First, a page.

New research shows how the protein missing in fragile X syndrome -- the most common inherited form of intellectual disability -- acts as a molecular toggle switch in brain cells.
The fragile X protein, called FMRP, hooks up with a group of molecules called microRNAs to switch the production of other proteins on and off in response to chemical signals, scientists at Emory University School of Medicine have discovered.
The results appear in the June 10 issue of Molecular Cell.
"For learning and memory to take place, neurons need to be able to make new proteins on demand, at particular synapses in a localized way," says senior author Gary Bassell PhD, professor of cell biology and neurology at Emory University School of Medicine. "It appears that FMRP has evolved to use microRNAs to control the synthesis of proteins at synapses."
The research team included the first author, Ravi Muddashetty PhD, and contributing co-authors, Vijayalaxmi Nalavadi PhD, Christina Gross PhD, Xiaodi Yao, Oscar Laur PhD and Lei Xing PhD. This research was done in collaboration with Stephen Warren PhD, professor and chair of the Department of Human Genetics.
In fragile X syndrome, FMRP's absence leads to overactive signaling and unregulated protein production at synapses, the junctions between brain cells where chemical communication occurs. This leads to structural changes at synapses and an impairment of cells' ability to respond to chemical signals, which in turn interferes with learning and memory.
Muddashetty and Bassell focused on a particular protein called PSD-95, whose production they had previously discovered was regulated by FMRP -- although they didn't know how FMRP exerted its control. PSD-95 appears to have an important role in anchoring together signaling molecules at synapses, the parts of neurons directly involved in learning and memory. Mice lacking the gene for PSD-95 develop normally but have more difficulty learning the location of a hidden platform in a water maze, compared with normal mice.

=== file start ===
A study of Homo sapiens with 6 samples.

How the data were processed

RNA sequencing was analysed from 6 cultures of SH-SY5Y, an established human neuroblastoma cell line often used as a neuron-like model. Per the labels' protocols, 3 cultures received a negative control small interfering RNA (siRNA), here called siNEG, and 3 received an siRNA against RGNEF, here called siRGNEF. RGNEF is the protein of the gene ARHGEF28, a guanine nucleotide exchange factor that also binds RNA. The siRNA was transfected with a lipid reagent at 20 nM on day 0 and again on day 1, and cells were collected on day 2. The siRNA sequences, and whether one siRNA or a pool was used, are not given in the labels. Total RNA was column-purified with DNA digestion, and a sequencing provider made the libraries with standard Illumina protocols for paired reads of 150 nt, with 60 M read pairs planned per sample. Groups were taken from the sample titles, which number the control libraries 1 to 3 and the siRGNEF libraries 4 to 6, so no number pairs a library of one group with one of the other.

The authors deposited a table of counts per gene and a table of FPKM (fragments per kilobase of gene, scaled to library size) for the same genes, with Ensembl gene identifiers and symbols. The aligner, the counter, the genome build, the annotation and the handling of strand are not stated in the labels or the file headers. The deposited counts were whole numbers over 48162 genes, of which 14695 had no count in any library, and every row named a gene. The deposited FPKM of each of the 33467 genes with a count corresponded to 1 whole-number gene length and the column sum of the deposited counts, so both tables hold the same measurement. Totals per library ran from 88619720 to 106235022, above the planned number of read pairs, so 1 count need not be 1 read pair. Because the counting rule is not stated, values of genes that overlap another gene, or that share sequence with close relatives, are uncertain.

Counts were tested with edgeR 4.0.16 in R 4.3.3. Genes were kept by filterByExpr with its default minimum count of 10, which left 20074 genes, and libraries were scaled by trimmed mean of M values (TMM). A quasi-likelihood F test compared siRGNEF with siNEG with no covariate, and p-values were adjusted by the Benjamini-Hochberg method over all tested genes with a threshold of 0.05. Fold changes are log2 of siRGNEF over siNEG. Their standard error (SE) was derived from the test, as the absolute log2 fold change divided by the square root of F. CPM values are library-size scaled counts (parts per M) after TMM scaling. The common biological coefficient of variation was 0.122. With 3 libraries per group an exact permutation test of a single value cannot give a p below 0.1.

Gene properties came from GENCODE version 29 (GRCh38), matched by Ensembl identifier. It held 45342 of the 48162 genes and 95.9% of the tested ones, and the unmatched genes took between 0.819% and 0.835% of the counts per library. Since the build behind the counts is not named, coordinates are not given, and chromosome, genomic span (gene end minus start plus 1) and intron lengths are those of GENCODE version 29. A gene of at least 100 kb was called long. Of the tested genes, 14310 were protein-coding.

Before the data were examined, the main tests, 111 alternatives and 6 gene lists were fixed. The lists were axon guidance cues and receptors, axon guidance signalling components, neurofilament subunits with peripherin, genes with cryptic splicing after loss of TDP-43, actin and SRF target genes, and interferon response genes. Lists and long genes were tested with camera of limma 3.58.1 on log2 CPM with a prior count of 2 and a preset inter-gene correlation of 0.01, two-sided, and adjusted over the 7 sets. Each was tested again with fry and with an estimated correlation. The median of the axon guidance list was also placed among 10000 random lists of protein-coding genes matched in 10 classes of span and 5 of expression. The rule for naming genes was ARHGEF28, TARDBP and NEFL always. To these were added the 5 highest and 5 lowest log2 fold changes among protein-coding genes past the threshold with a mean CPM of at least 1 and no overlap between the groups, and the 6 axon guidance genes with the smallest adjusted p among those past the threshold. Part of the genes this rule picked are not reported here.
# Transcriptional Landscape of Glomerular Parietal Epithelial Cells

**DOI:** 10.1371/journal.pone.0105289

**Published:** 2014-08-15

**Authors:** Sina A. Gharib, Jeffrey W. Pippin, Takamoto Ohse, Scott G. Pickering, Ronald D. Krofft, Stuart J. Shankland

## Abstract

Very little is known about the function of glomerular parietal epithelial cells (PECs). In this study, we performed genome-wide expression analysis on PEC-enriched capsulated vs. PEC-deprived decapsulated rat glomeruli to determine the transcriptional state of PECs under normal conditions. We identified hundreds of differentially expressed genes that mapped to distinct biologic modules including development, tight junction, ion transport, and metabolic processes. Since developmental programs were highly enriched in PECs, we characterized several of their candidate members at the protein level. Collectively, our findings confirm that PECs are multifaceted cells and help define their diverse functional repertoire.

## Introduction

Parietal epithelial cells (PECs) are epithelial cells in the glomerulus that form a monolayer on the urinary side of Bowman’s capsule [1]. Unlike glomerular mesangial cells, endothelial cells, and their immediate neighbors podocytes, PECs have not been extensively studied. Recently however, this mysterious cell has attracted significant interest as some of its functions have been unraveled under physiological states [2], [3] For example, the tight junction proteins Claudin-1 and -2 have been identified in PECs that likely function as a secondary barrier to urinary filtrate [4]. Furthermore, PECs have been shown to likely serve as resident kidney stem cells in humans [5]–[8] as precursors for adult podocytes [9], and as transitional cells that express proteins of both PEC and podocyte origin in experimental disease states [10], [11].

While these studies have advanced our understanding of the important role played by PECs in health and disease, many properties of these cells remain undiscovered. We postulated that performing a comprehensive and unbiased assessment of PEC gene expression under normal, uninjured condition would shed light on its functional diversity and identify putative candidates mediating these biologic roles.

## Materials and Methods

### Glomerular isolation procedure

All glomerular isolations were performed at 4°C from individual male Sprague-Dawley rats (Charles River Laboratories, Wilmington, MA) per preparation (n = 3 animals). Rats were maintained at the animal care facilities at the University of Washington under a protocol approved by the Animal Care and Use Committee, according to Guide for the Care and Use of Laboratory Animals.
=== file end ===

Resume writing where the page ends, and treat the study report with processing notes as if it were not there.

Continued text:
"The changes at synapses seen in fragile X syndrome are probably not caused by the overproduction of a single protein," Bassell says. "But we think that losing the ability to make PSD-95 on demand is an important component."
In cultured neurons, Muddashetty studied part of the RNA molecule encoding PSD-95, which responds to excitement by the neurotransmitter glutamate. This way he could dissect which proteins and RNA molecules were needed. Interfering with a particular microRNA, called miR-125, could stop the PSD-95 RNA from responding to glutamate signaling and could even drive neurons to produce more protrusions at their synapses.
MicroRNAs are involved in a process called RNA interference, whose discovery earned the 2006 Nobel Prize in Medicine. RNA interference is a way that short RNA molecules (microRNAs) can silence a stretch of genetic code.
These tiny RNA molecules have become a widely used laboratory tool for shutting off a specific gene. When the RNA molecules are introduced into the cell, they are actually hijacking a machine inside the cell called RISC (RNA-induced silencing complex). MicroRNAs normally govern the activity of RISC, which can prevent a given gene from being translated from RNA into protein.
In a sense, FMRP is acting as a "RISC manager." Together with microRNA, it clamps down on an RNA, preventing the synthesis of protein, until glutamate signals force them to loosen up. Thus, FMRP determines when the protein should be made at the synapses.
"Future work may uncover whether this is a general mechanism to guide specific miRNAs onto target mRNAs at synapses," the authors write.
The finding illustrates how microRNAs are emerging as key players in neurological development and disease, Bassell says. Since a given microRNA can regulate hundreds of targets, one potential drug strategy for fragile X syndrome would be to aim at restoring microRNA function.
The research was supported by the National Institutes of Health, the Fraxa Research Foundation and National Fragile X Foundation.